Sharon: We are four successful women. I don’t need a man. What is the point?
Diane: Who still has any interest?
Vivian: Ladies, I am not going to let us become those people who stop living before they stop living. I would like to introduce you to Christian Grey.
Carol: It says, “For mature audiences.”
Diane: It certainly sounds like us.
It’s Fifty Shades for seniors as four women well past their prime are introduced to a different type of book in their Book Club. It is through the book, E.L James’ Fifty Shades of Grey, that they realize age is just a number as each woman is awoken with a sexual urge that is both surprising and intriguing.
Written and directed by Bill Holderman in collaboration from Erin Simms, who also worked with him in A Walk In The Woods, the two capture the meaning of what women over fifty are really thinking as they go through life. Like A Walk In The Woods, Holderman takes the notion of the older generation who attempt to do the unspeakable and adds new meaning to what it means to be a senior. This story centers around four women, all of which are dealing with some sort of life changing event that has brought them to the point of “why-living.”
Overall, the film is wonderfully cast as each of the four actresses capture the role so fluidly as if they are just living their lives. Diane (Diane Keaton) is a recently widowed woman who is dealing with how to live again, especially when her daughters long to take care of her by relocating her closer to them. Meanwhile, her three friends keep her thinking that there is more to life when Carol (Mary Steenburgen) introduces the women to their next “book club” reading.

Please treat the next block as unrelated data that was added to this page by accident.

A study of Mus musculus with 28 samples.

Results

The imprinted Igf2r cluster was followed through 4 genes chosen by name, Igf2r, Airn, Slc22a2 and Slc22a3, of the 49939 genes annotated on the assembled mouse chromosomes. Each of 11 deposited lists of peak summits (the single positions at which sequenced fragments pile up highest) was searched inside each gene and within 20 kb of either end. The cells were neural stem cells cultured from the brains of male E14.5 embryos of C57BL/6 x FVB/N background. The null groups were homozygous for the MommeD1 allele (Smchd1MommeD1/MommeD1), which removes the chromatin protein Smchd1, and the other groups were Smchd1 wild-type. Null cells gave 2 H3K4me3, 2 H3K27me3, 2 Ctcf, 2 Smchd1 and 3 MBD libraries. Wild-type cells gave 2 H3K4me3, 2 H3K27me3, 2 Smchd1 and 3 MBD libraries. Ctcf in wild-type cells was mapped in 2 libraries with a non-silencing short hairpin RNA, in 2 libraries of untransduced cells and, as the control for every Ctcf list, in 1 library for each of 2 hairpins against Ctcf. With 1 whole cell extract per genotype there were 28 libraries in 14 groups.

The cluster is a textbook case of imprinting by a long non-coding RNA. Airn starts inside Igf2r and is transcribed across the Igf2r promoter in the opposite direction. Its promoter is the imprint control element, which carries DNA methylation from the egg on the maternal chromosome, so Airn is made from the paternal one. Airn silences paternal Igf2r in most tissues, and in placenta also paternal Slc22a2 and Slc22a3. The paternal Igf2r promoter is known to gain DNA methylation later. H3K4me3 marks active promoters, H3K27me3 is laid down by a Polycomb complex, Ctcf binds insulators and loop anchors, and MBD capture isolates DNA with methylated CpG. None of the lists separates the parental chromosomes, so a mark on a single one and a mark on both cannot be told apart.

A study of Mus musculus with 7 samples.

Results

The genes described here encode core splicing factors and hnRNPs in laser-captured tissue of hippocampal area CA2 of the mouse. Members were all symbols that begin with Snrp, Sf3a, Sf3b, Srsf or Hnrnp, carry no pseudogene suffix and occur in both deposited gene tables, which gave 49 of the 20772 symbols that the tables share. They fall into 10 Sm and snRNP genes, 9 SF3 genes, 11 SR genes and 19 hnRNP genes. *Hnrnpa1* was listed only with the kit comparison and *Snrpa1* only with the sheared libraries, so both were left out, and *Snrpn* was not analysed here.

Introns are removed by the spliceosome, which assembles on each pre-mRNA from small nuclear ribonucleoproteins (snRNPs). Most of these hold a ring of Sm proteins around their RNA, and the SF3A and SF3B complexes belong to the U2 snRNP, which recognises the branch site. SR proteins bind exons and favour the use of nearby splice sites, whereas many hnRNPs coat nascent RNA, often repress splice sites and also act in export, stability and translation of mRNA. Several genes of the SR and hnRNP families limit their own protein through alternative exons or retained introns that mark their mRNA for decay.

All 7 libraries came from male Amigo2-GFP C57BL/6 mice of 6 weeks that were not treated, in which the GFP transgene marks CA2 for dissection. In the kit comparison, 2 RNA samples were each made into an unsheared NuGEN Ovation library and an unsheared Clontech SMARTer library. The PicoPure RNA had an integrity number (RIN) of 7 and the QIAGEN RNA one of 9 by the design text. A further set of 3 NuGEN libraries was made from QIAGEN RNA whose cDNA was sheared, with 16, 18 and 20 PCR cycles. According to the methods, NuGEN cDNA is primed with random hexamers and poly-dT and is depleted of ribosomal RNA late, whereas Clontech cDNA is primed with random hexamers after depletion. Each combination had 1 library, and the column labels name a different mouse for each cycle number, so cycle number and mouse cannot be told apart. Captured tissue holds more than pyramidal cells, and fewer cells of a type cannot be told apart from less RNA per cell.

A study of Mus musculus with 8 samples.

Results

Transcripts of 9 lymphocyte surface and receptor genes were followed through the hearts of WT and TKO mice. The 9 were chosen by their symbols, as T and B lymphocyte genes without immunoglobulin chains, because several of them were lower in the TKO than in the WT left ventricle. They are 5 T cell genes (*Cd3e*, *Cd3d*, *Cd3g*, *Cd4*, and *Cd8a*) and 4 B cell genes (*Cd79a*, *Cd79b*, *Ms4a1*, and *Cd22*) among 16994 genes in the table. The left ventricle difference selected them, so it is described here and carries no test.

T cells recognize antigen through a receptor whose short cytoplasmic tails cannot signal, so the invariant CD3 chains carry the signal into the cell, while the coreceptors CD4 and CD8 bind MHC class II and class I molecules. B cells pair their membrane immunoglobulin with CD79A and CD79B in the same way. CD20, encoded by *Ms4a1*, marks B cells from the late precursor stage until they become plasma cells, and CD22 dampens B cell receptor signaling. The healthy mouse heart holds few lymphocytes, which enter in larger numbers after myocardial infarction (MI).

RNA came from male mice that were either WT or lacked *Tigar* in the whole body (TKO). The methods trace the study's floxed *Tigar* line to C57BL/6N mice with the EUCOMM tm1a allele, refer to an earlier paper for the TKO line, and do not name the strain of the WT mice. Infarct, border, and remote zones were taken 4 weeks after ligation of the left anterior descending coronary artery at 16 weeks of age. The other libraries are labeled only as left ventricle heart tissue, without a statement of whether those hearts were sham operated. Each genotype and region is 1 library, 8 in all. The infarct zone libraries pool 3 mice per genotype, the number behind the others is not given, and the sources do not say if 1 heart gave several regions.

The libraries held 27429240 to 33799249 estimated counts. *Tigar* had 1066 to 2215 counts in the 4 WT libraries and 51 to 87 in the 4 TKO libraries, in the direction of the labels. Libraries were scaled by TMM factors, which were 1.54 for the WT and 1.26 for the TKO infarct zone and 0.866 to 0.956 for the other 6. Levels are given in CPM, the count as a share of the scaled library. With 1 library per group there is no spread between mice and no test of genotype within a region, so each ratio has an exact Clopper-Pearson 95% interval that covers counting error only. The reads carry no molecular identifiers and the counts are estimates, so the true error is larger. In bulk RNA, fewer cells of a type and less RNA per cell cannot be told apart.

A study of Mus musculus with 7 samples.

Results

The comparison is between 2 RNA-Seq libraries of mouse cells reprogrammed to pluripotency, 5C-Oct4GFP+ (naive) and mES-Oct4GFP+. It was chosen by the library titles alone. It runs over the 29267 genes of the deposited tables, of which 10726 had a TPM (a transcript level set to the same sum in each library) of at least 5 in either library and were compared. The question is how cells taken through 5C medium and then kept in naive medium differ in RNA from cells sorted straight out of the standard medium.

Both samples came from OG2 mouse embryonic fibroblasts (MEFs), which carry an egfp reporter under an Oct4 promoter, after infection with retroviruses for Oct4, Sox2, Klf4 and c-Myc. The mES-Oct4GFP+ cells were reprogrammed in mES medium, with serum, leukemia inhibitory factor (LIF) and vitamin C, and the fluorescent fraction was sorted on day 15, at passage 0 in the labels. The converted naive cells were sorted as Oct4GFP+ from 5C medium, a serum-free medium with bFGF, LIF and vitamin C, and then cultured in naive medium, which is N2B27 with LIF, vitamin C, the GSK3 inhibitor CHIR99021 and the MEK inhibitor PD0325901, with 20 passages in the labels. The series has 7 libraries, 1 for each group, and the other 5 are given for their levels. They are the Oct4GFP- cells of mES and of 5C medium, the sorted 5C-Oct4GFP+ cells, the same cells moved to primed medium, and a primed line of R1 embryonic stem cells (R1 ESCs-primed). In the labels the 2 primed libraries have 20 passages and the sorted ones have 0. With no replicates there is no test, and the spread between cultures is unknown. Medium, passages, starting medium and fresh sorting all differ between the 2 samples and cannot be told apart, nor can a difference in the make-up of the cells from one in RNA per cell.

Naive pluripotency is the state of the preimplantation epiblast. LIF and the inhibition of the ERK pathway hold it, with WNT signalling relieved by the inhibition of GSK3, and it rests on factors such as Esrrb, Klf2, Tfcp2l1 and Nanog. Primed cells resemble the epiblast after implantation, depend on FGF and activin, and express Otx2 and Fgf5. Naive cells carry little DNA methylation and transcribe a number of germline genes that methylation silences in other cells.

Then there is Sharon (Candice Bergen), a successful court judge who has long given up on men and is a comfortable “cat lady;” and Vivian (Jane Fonda), who is still living life as if she is twenty-something, using men for only pleasure without any emotion. Ultimately, Holderman knew what he was doing when casting four powerful women in these roles. Their dynamic chemistry and witty banter made the movie fun and lively as it ultimately sends a message to all to not stop living.
Shot on location in California, there were some recognizable locations including the Santa Monica Pier’s ferris wheel in a scene where Sharon and George (Richard Dreyfuss) go on their first date, as well as the airport scenes. Ultimately, the setting didn’t really matter too much other than just a nice touch to try to guess where they are.
Furthermore, Holderman and Simms use a cunning way of bring literature into the film with the inclusion of Fifty Shades of Grey. Initially, the novel serves as a catapult for various jokes being thrown out from the first scene with the four women together in Diane’s living room talking about the book in relation to the respective men in their lives. The book also serves as a way of moving along the story as the women introduce all three books through the course of the movie. One might also say the women mirror that of Ana when first introduced to Christian Grey. Though the women have all been intimate before, they are seen now as more naive of their sexuality. It’s something that as they read, it is a sexual awakening — though not nearly as graphic as it’s literary companion. Still, it awakens something that the women have yet to experience in a long while.
Verdict: 4 out of 5
The bottom line, Book Club is a entertaining movie that brings women of all ages together to see what life over 50 is all about. It captures the same witty banter of the younger movies that are out including Guilt Trip and Bridesmaids, but it does it in a cleaner, more sophisticated way so it doesn’t just play off as a piece of mindless trash. Rather, it has a little more meaning to what it’s like to be “more mature.”